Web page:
In early 2001, Irish professional rugby's already meagre fixture list had a few items removed from the menu when an outbreak of foot and mouth disease brought the country to a halt.
Ireland's final three games of the Six Nations - away to Scotland and Wales, and at home to England - were postponed until the autumn.
Prior to the Six Nations, Munster had beaten Biarritz 38-29 in a bruising Heineken Cup quarter-final at Thomond Park.
This was the season before the beginning of what would be called the Celtic League, now known as the Pro14. The Irish sides had played their interprovincial games long before Christmas.
With their semi-final against Stade Francais to be played on April 21st, it meant Munster would be three months without action heading into the game at the Stade Nord in Lille.
The Six Nations postponements was also a problem for the Irish players with ambitions of heading to Australia that summer with the Lions.
Many, like Brian O'Driscoll who lined out for Blackrock, got game time with their AIL clubs but it was a snack compared to the main course required. While playing for Cork Con against St Mary's, Ronan O'Gara was 'cut in two' by Trevor Brennan and was put out of action for three weeks.
The solution: on Good Friday, eight days before the semi-final, Munster would play a Rest of Ireland selection at Thomond Park. A similar match had taken place as a World Cup warm-up in 1999 with Munster winning that day.
Rugby fans drinking pints after the match between Munster and Rest of Ireland at Thomond Park in Limerick. Photo by Brendan Moran/Sportsfile
That year, O'Gara bought his first house with his clubmate Donal Lenihan - also manager of the Lions - sorting out the mortgage in Irish Permanent. Lenihan was there in Thomond Park along with Lions head coach Graham Henry and assistant coach Andy Robinson.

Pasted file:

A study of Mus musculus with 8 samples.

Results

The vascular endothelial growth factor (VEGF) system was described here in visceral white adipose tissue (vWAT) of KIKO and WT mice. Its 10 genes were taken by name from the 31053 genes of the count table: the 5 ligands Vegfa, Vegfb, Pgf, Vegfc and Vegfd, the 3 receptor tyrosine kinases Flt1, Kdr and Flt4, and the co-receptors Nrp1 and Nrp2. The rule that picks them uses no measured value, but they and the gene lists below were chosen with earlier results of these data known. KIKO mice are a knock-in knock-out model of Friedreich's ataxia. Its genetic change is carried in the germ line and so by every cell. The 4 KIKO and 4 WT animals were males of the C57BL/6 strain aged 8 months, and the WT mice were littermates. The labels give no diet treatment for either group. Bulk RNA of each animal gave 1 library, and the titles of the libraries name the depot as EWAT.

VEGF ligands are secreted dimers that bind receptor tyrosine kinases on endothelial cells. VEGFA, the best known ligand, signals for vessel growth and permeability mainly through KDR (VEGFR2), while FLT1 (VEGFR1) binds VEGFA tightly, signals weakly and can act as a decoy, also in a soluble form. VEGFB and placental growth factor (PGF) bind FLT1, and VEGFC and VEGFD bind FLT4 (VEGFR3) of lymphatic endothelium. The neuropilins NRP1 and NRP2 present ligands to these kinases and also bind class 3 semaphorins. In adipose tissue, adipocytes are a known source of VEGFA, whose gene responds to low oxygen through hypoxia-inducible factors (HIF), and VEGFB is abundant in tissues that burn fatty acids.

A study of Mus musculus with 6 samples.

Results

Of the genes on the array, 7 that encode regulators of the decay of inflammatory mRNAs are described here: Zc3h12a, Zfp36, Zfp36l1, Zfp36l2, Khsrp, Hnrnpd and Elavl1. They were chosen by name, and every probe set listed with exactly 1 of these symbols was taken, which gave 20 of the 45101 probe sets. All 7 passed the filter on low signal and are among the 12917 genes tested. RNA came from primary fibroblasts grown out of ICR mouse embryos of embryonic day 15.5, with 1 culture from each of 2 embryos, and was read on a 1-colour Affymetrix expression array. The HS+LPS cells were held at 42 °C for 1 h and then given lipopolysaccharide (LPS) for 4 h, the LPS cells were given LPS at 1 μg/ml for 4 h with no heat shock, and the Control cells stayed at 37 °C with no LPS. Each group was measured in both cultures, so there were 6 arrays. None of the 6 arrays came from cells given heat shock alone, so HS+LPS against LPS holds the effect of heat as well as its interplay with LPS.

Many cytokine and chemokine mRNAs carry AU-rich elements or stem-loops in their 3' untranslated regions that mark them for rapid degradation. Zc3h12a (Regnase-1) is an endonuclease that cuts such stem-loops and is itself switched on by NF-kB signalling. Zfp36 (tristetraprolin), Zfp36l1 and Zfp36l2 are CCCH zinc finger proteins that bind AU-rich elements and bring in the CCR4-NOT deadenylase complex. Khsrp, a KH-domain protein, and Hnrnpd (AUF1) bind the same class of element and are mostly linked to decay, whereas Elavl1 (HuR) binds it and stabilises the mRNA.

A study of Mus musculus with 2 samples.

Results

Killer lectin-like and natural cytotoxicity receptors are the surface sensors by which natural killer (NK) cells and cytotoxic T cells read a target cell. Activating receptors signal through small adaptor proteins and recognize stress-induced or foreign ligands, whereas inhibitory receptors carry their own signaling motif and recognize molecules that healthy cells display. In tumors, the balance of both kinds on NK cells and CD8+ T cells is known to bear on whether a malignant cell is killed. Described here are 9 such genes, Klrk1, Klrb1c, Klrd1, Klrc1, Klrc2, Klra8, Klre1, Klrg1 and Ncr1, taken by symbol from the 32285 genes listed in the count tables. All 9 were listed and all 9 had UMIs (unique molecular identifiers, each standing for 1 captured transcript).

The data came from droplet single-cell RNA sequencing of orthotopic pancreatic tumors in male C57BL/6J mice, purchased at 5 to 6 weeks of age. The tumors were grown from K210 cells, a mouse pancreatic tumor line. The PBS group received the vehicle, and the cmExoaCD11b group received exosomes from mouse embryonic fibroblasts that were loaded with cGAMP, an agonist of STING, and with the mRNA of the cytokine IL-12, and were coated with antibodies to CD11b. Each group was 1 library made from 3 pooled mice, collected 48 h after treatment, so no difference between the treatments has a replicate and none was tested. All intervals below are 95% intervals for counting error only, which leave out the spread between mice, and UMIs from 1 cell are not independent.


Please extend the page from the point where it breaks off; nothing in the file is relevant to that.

"It was basically a final Irish trial for the Lions," says O'Gara in his first autobiography.
"The Munster players would have another chance in Lille but for other guys it was shit or bust."
Munster vs Rest of Ireland April 13, 2001
Dominic Crotty; John Kelly, Mike Mullins, Jason Holland, Anthony Horgan; Ronan O'Gara, Tom Tierney; Peter Clohessy, Frankie Sheahan, John Hayes; Mike Galwey, John Langford; Donncha O'Callaghan, Jerry Murray, Anthony Foley
Replacements: Jeremy Staunton for Crotty, Dion O'Cuinneagain for Murray, Colm McMahon for O'Cuinneagain, John O'Neill for Mullins
Rest of Ireland:
Girvan Dempsey; Denis Hickie, Brian O'Driscoll, Shane Horgan, Tyrone Howe; David Humphreys (capt), Brian O'Meara; Justin Fitzpatrick, Shane Byrne, Simon Best; Gary Longwell, Malcom O'Kelly; Eric Miller, Andy Ward, Victor Costello
Replacements: Jonathan Bell for Dempsey, Tony McWhirter for Costello, Guy Easterby for O'Meara, Peter Smyth for Byrne, Martin Cahill for Fitzpatrick and Bob Casey for Longwell
11,000 showed up for the game.
"It was far from a friendly arrangement as a second-half punch-up involving Mick Galwey and Eric Miller among others illustrated," reported Mick Cleary in The Telegraph.
Dion O'Cuinneagain had only flown into Shannon four hours before the game. So, playing at blindside flanker, a 22-year-old Donncha O'Callaghan was given his first start of the season.
"I nailed it," recalls O'Callaghan in his autobiography.
"I was so pumped up that I accidentally broke Victor Costello's arm in a tackle. I was running around like a fella with my hair on fire, as Eddie O'Sullivan used to say. Dion came on for the last 20 minutes but I knew I'd done enough to make them think seriously about me for the semi-final."
Munster won the game 24-22 with a try by Anthony Foley and two from Jeremy Staunton. Eric Miller, Brian O'Driscoll, David Humphreys and Tyrone Howe all touched for the Rest of Ireland XV.
Donncha O'Callaghan of Munster. Photo by Brendan Moran/Sportsfile
"I was fierce rusty," O'Gara said about the game.
"Started well and faded. Landed three kicks and missed four. I was desperate to find the form I'd shown two months earlier but I probably forced it too much. If the Lions selectors came to Limerick looking to be convinced about me they would have left unconvinced."
The following weekend in Lille, Munster fell just short of reaching their second European final in a row. They lost 16-15 to the French side in a game which saw John O'Neill controversially denied what appeared to be a perfectly good try.
For O'Gara, there would be a consolation. Along with fellow Ireland internationals David Wallace, Keith Wood, Jeremy Davidson, Malcolm O'Kelly, Brian O'Driscoll, Rob Henderson and Tyrone Howe he would be part of the Lions trip that summer.